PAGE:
Big Oil headed for tougher Congress
Democrats may repeal tax breaks for oil companies and propose their own energy package.
So far this year, 40 bills have been introduced in Congress about alleged gasoline price gouging. Twenty-one bills have addressed windfall profits by oil companies. Few have gotten past the press-release stage.
But next year, Big Oil is likely to feel as if it's wearing one of those "kick me" signs.
The Democratic leadership has already indicated it will try to repeal earlier tax breaks for oil companies. A gusher of new legislation could develop as well, as Democrats get a chance to see their energy bills move past the trash can. In fact, the Democrats will try to put together their own version of a comprehensive energy bill that tackles everything from gas-mileage standards to tax breaks for alternative energy sources, some congressional analysts believe.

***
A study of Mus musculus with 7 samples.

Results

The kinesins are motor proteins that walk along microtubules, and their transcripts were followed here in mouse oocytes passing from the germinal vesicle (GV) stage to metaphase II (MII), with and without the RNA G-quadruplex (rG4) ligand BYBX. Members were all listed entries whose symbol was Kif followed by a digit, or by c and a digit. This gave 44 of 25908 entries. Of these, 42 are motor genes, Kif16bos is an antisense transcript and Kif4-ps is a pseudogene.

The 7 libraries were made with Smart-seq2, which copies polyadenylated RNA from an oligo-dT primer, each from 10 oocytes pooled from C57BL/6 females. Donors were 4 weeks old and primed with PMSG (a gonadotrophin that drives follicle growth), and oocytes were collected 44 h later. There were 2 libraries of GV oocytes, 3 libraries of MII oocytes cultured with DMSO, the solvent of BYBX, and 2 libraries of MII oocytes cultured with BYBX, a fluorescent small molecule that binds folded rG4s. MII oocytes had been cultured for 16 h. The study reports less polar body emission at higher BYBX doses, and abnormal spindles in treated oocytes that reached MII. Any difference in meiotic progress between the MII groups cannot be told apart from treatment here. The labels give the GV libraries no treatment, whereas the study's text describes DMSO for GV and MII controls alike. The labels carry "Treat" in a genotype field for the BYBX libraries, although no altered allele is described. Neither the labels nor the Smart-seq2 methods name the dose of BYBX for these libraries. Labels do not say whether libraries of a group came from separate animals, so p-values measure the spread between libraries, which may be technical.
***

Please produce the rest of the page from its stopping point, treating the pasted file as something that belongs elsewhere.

"The oil companies are a big target for the Democratic majority," says Steven Smith, a congressional expert and professor at Washington University in St. Louis. "There is virtually near unanimity among the Democrats to do something about company tax breaks, but they will almost certainly seek a package of energy and environmental proposals in this Congress."
Congress is expected to move despite the fact oil and gasoline prices have been falling. Oil is now less than $57 a barrel, compared with more than $70 last spring. Gasoline is about $2.23 a gallon – 6 cents a gallon lower than a year ago, and more than 75 cents lower than in the spring.
"The surge in legislation earlier this year was due to the gas prices, as virtually every member of Congress wanted to go on the record as doing something about it," says Mr. Smith. "I don't think anyone lifted a finger to get that legislation passed."